If your Facebook home page has been crowded with a stick figure meme dishing out passive aggressive advice, then you, like countless others found it distasteful or on the contrary ecstatic.Yes, I am talking about ‘Be Like Bill’- a meme that had taken over social media platforms. character. It has created countless spin offs, such as ‘Don’t be like Bill,’ or ‘Be like Kate’ and so forth. Social media has always been a place that glorifies our lives to our friends. The ‘Be like Bill’ meme was no different as it satisfied our need to let others know about our shortcomings and our failures. Created last year by programmer Eugeniu Croitoru and Debabrata Nath, it is a series of cartoons that show Bill engaging in various activities and abstaining from others. As the meme took off the ‘Be like Bill’ Facebook page began to attract over a million followers. However, the recent wave of popularly was a result of the meme generator now let you replace Bill’s name with your own and this resulted in your personal version of the meme. This was the perfect platform for our social media persona. It tends to feed the void within us that, we want to share with the world, what we do and do not do right. But as with most memes that go viral, social media users are quick to turn against what was hugely popular just a while ago. And just as swiftly as it rose to fame, its popularity diminished as quickly as well. The good news is that the demise of a viral meme like the ‘Be like Bill’ is only one step away from the next rapid ascent to glory. The only thing left is to brace ourselves until the next ‘Be like Bill’ meme blows over.
Many studies have been done on behavioural patterns in the context of social media. What we actually revel about ourselves is often more than we think. Using a prediction API (Application Program Interface) by the University of Cambridge, analysts were able to scour our Facebook likes and status updates to discover specific personality traits. The results consisted of habits like bragging which goes to show lack of self-esteem issues as well as as the constant sharing of children’s photos which highlight the competitive nature among parents. When status updates are mostly political, social or intellectual issues; these were linked to open mindedness, curiosity and creativity.
Sharing status in pictures with a big group of friends often reflected that they were as extraverted as the photographs indicated.
The ones who constantly update their personal drama with emojis were categorised as neurotic and overly anxious. They tend to use Facebook to get the attention and support they are missing from their offline friends.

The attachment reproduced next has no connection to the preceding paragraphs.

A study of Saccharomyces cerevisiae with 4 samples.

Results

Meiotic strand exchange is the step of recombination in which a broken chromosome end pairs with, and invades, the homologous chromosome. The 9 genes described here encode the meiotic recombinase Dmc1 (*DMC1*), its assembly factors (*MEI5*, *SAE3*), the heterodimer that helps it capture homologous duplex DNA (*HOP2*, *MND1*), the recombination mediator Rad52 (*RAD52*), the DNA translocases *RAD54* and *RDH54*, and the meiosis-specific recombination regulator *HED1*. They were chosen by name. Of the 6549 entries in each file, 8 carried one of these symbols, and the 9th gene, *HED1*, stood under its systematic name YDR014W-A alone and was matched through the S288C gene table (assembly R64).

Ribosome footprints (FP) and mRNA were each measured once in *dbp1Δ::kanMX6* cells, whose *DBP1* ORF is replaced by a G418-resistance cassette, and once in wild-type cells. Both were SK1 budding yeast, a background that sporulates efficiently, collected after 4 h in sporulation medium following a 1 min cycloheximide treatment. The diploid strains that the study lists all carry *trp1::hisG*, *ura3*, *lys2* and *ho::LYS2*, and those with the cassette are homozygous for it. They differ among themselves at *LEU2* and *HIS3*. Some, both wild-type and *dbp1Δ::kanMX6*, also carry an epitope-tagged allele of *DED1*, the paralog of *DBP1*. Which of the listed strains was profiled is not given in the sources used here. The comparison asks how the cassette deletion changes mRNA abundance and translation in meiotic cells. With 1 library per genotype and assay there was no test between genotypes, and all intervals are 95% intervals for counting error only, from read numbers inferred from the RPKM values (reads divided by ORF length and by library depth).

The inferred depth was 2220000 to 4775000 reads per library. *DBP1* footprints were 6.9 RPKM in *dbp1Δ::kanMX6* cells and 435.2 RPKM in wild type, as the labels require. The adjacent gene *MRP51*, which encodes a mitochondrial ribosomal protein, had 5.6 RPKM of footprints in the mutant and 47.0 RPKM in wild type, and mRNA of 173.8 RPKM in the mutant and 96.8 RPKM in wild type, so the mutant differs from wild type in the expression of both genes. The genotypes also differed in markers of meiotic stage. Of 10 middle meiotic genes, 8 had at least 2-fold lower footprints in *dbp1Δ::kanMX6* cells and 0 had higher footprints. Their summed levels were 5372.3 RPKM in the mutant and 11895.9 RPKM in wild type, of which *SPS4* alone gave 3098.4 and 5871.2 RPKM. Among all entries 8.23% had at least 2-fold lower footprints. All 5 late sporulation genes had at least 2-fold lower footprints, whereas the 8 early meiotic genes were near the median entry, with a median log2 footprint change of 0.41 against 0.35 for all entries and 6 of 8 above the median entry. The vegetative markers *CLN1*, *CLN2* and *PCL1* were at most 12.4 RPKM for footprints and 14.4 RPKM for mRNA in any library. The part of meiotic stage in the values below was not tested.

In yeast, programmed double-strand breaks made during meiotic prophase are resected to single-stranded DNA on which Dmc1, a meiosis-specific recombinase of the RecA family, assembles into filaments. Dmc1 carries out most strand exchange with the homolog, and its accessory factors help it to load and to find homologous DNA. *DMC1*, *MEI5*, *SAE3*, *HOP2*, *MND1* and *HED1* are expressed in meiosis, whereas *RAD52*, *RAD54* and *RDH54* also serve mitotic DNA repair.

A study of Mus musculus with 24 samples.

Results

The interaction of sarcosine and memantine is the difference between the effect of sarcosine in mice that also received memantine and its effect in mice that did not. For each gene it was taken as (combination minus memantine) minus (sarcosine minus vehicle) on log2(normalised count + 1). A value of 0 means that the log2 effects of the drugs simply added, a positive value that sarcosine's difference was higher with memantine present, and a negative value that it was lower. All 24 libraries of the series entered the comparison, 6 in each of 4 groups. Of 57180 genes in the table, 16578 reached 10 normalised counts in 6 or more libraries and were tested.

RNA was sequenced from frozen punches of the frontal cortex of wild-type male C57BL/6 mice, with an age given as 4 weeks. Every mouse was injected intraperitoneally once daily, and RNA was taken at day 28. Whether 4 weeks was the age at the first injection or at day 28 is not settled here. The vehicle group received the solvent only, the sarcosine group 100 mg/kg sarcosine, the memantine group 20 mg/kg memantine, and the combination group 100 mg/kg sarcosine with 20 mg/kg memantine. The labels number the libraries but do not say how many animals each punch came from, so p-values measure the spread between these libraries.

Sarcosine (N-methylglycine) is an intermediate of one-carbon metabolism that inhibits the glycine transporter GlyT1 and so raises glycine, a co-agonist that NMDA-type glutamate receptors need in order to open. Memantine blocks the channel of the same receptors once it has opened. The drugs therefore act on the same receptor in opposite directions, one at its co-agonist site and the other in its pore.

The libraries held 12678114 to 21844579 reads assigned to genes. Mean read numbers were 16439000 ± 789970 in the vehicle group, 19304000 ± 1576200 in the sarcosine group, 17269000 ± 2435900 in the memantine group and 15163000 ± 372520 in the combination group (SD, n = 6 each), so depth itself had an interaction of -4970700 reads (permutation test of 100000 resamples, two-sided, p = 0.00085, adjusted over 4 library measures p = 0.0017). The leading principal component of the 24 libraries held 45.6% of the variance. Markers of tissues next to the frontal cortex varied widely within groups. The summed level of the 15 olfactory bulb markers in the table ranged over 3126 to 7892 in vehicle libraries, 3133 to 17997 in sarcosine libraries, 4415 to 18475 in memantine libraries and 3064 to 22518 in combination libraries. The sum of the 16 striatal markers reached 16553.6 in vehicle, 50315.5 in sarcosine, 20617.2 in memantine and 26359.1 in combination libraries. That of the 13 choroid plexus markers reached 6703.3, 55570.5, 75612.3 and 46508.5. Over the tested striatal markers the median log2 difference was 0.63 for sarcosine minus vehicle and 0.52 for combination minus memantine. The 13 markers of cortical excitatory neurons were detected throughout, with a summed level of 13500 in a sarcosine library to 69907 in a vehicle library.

When one’s updates are mostly about exercise, diets and so forth they were grouped as narcissistic.
Facebook speaks volumes about our personality and self-esteem. Studying human behaviour on social media gives us an idea about people’s personalities as well as how they view us. When you present yourself in a particular way, chances are that people may view you in a different way. Our behavior on social media reveals more than we might think. It’s not just what we post on Facebook that reveals information about our personalities, it’s also what we don’t post that can be quite telling.
In our 500 plus Facebook friends how many do we actually know or how many do we have a deep relationship with? With whom do we go out for coffee and feel no need to share with the rest of the world? Being with the person ‘in person’ is fulfilling enough, that the need for random others to stamp their ‘like’ approval button on a captured moment or a status update is irrelevant.
Yet the social media world we live in has made us densely connected than ever before.
However, new research is also showing that this connectivity is often leaving us lonelier than any generation that preceded us. Over the past thirty years, technology has delivered to us a world in which we are in contact every moment. Within this world of instant and absolute communication, unbounded by limits of time or space, we also suffer from unprecedented alienation. We have never been more detached from one another in the real world than this current generation.
Often at parties, individuals are on their phones texting in the virtual world unaware of the people around them. In a world consumed by ever more novel modes of socialising, we have less and less actual society to live in.